Analysis: How Have the Washington-Baghdad Strategic Talks Gone So Far?

Analysis: How Have the Washington-Baghdad Strategic Talks Gone So Far?

Third round of strategic dialogue between the US and Iraq was held last week, nearly a year after its first and second rounds were held under Donald Trump. Since the beginning of the talks between Baghdad and Washington, Iraqi factions' demands mainly focused on the expulsion of the American troops from Iraq that the US rejects. To be precise, Washington, behind the strategic negotiations, tries to prepare the ground for its military stay in Iraq.

Third round of strategic dialogue between the US and Iraq was held last week, nearly a year after its first and second rounds were held under Donald Trump. Since the beginning of the talks between Baghdad and Washington, Iraqi factions' demands mainly focused on the expulsion of the American troops from Iraq that the US rejects. To be precise, Washington, behind the strategic negotiations, tries to prepare the ground for its military stay in Iraq.

Outcome of three rounds of talks: Washington seeks to keep occupation under new titles

The American-Iraqi strategic talks, aimed at strengthening the bilateral economic, security, and military, cooperation first began on June 2020. Since the first meeting, expulsion of the American forces was seriously addressed and a withdrawal timetable was set but was not implemented on the ground.

The second round of talks took place on August 18, 2020, during the several-day visit of Iraqi Prime Minister Mustafa al-Kadhimi to Washington. In that round, the two sides reached a long-term security agreement to counter the threats, according to Donald Trump and al-Kadhimi. At the time, the Iraqi government signed an $8 billion contract with five US energy companies. In the first and second rounds, the issue of the American pullout was not given adequate spotlight, triggering large-scale criticism internally.

The third round, held on April 7, was a video conference between the US Secretary of State Antony Blinken and Iraqi Foreign Minister Fuad Hussein of Iraq, in which the exit received priority contrary to earlier rounds. In a closing statement, the two sides announced that Baghdad and Washington agreed that the Iraqi forces are "ready" to take more responsibilities. They further stated that the American command and Washington-led coalition currently concentrate on training and advising and so allow the remaining combat forces to leave Iraq according to a timetable that would be discussed in future technical talks.

Qassem al-A'araji, Iraq's national security advisor, noted that during the talks with the Americans, both sides agreed that no American military base will remain in Iraq.

"The third round of negotiations was successful. The American side pledged to withdraw a significant number of its troops from Iraq, and the Iraqi government, in turn, reiterated its commitment to protecting diplomatic missions and delegations. We talked to the American side about the progress that the Iraqi forces have made in the fight against terrorism," al-A'araji added.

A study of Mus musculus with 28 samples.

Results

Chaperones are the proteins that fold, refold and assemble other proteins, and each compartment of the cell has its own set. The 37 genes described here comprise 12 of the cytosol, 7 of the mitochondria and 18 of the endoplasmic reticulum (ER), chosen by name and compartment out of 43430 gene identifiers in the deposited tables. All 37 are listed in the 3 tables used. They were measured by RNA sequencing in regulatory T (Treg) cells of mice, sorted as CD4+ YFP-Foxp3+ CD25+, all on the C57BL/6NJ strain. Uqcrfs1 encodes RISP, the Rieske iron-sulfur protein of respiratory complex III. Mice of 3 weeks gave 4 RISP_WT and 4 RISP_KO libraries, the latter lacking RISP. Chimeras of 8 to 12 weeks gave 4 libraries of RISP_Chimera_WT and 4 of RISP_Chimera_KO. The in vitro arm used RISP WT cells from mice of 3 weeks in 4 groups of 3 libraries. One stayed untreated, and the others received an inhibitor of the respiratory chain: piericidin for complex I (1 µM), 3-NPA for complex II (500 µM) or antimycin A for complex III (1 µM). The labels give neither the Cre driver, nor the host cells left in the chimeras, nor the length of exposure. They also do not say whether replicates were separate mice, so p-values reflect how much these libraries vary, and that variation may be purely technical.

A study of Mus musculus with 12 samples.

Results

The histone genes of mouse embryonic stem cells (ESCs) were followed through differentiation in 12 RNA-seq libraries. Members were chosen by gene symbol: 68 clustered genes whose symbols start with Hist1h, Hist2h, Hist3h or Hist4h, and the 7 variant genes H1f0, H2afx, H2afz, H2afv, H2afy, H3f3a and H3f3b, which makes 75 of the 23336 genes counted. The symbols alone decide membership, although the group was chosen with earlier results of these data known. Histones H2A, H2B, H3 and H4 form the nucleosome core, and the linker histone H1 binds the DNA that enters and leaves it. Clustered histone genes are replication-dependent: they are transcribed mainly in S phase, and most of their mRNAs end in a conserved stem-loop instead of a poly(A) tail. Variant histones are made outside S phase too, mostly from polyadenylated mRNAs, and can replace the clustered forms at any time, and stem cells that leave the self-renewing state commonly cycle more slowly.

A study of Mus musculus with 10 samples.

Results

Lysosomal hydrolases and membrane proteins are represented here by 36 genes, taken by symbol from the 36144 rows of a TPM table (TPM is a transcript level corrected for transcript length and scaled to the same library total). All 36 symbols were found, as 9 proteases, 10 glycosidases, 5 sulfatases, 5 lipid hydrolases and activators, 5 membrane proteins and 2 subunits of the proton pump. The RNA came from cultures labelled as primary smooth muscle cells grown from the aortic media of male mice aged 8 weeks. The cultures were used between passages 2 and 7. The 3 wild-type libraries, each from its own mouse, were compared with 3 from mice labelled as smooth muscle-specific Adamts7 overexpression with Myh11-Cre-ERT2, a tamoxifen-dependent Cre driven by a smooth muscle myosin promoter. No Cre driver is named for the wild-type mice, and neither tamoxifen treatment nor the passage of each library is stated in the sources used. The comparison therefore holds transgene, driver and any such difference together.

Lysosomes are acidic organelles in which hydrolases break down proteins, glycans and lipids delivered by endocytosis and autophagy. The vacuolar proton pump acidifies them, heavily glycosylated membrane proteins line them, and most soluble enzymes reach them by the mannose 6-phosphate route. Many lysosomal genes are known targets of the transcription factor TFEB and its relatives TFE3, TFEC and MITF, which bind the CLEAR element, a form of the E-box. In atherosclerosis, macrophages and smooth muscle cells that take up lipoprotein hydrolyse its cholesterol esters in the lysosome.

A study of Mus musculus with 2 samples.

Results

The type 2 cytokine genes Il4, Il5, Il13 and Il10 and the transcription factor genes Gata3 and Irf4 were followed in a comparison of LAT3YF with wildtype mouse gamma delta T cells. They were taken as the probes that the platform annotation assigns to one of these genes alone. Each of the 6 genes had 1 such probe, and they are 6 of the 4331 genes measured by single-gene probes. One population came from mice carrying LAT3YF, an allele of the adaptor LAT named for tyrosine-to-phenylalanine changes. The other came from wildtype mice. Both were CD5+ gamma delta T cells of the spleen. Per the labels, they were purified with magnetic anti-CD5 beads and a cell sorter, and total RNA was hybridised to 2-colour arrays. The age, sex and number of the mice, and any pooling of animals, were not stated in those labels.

Wasting time, Washington's roadmap in the strategic talks

Three rounds of strategic talks have gone in a way while the US main agenda behind the engagement in the dialogue has been sidelining the Iraqi demands for withdrawal, or at least delaying the implementation of Iraqi parliament's bill to expel foreign forces campaigning in Iraq uninvited. Iraq's parliament approved a binding-for-government bill calling for expulsion of troops whose presence is uncalled-for. Three rounds of talks seem to have made for Washington achievements in this direction, contrary to the will of the Iraqi people and political parties. To this end, the Americans have used two key tactics:

Hiding behind terrorism ruse to justify military stay

Coinciding with the start of strategic talks, the main debate and the main demand of the Iraqi political factions from the government was to draw a roadmap for the withdrawal of US and the so-called anti-terror Western coalition's troops. But the Americans negotiators tried to subtly drive out of agenda the military pullout demands. Actually, the Americans highlight the protests in Iraq and ISIS threats in a bid to make ground for their stay and influence in Iraq.

Prioritizing economic reforms

On the other hand, during three rounds of strategic talks with Baghdad, the Americans have tried to divert public opinion from the implementation of the parliamentary bill on the expulsion of foreign troops by proposing economic reforms as a top priority. From Washington's point of view, as long as reforming the economy is a priority for the citizens, the issue of the US intervention and occupation in Iraq is not worth addressing. That is why Washington representatives try to shift the priority of the Iraqis from security to economic agreements.

This American approach, which enjoys the PM al-Kadhimi’s flexibility and tolerance, has so far drawn serious criticism from political factions. The politicians argue that the defining agenda of the strategic dialogue should be the end of the US occupation in Iraq. However, the current process reveals that the Iraqi negotiators are subdued by Washington’s divertive tactics as they show passivity in implementing the foreign troop expulsion bill.